In the mid-1940s few Blacks were permitted to operate as Funeral directors, and especially not women, who just gained the right to vote in 1920. Enter Elizabeth Harden Gilmore who became the first licensed female funeral director along the eastern seaboard. She opened the Harden and Harden Funeral Home in 1947.
It was located in Kanawha County West Virginia, a place known for increased racial tension during that time. The local racists didn’t like a Black woman directing funerals in their county and state.
— Herbert Henderson Office of Minority Affairs (@WVHHOMA) February 22, 2017
Gilmore was also a pioneer in efforts to integrate West Virginia’s schools, housing, and public accommodations. Her goal was to pass civil rights legislation that would enforce such integration. In the early 1950s, before the Brown v. Board Of Education decision mandating school segregation, Gilmore formed a women’s club which opened Charleston’s first integrated daycare center.
Around the same time, she also succeeded in getting her black Girl Scouts of the USA Troop admitted to Camp Anne Bailey which is near the mountain town of Lewisburg West Virginia.
She didn’t stop there, co-founding the local chapter of the Congress of Racial Equality (CORE) in 1958. Gilmore even led CORE during a successful one-year-long sit-in campaign at a local department store called “The Diamond.”
Then in the 1960’s Harden Gilmore, served on the Kanawha Valley Council of Human Relations, where she participated in forums on racial differences. These forums helped Black renters, displaced by a new interstate highway, find housing.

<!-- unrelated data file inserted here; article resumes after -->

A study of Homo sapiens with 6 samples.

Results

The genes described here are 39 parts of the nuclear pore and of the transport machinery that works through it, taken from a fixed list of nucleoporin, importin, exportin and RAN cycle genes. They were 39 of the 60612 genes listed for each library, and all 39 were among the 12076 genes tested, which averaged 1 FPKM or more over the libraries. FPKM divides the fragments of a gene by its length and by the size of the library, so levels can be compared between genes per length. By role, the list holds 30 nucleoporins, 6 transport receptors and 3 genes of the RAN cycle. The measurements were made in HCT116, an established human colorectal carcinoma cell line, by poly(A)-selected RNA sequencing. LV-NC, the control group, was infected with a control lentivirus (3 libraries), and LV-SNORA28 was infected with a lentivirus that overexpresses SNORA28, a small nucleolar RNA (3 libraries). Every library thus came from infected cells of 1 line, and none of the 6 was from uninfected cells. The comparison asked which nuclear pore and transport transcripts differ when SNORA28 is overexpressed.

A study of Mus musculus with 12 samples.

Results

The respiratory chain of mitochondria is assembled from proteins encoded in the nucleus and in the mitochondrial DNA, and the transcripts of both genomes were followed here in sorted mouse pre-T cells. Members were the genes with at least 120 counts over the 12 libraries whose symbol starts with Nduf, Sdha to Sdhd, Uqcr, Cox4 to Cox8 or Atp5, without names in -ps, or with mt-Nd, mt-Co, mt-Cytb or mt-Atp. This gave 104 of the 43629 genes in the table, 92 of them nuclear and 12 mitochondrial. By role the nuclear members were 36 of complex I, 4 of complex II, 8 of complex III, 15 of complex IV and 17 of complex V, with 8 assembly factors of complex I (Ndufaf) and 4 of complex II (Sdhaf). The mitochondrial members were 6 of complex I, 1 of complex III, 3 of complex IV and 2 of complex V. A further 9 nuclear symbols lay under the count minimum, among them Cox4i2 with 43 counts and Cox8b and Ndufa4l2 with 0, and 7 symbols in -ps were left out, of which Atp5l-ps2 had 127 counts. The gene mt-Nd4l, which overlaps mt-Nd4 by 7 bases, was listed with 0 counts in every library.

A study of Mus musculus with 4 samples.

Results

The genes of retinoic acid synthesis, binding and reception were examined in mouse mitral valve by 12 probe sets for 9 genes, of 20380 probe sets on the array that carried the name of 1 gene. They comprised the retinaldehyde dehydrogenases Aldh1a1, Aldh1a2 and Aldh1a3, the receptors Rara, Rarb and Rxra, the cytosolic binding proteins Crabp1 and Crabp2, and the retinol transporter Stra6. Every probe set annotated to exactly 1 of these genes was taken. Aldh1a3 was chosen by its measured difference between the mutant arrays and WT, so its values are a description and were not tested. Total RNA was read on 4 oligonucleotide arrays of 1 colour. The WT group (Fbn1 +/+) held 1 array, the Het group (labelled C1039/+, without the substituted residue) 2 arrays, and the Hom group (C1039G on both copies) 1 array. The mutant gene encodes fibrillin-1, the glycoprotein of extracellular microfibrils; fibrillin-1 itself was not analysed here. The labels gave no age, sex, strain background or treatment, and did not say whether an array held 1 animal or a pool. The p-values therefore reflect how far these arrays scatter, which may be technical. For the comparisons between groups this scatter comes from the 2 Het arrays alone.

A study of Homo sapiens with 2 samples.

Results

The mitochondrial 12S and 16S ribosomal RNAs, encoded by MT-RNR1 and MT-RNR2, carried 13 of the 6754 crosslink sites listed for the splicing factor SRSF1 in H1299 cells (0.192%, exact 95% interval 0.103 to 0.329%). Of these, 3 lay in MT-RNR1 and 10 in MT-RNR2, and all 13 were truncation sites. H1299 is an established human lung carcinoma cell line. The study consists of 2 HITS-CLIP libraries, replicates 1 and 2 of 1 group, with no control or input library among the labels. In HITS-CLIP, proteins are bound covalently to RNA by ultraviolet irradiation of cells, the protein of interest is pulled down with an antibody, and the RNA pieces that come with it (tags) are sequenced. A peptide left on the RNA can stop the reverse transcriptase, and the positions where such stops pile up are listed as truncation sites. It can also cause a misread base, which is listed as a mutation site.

She led a successful push to amend the 1961 state civil rights law and won her a seat on the powerful higher-education Board of Regents. Gilmore was the first African-American to receive such an honor. She remained on the Board until the 1970s.
Gilmore was also involved with the U.S. Commission on Civil Rights and community education and welfare committees.
The Elizabeth Harden Gilmore House, which is also known as Minotti-Gilmore House or Harden and Harden Funeral Home, is now a historic home and national historic district located at Charleston, West Virginia. It is a 2 1/2 story, Classical Revival brick detached residential dwelling on an approximately one-half acre lot in a business area of town. The home features a column portico and has undergone some alteration amongst deterioration.
We proudly celebrate such fearless and shrewd trailblazers during Women’s History Month.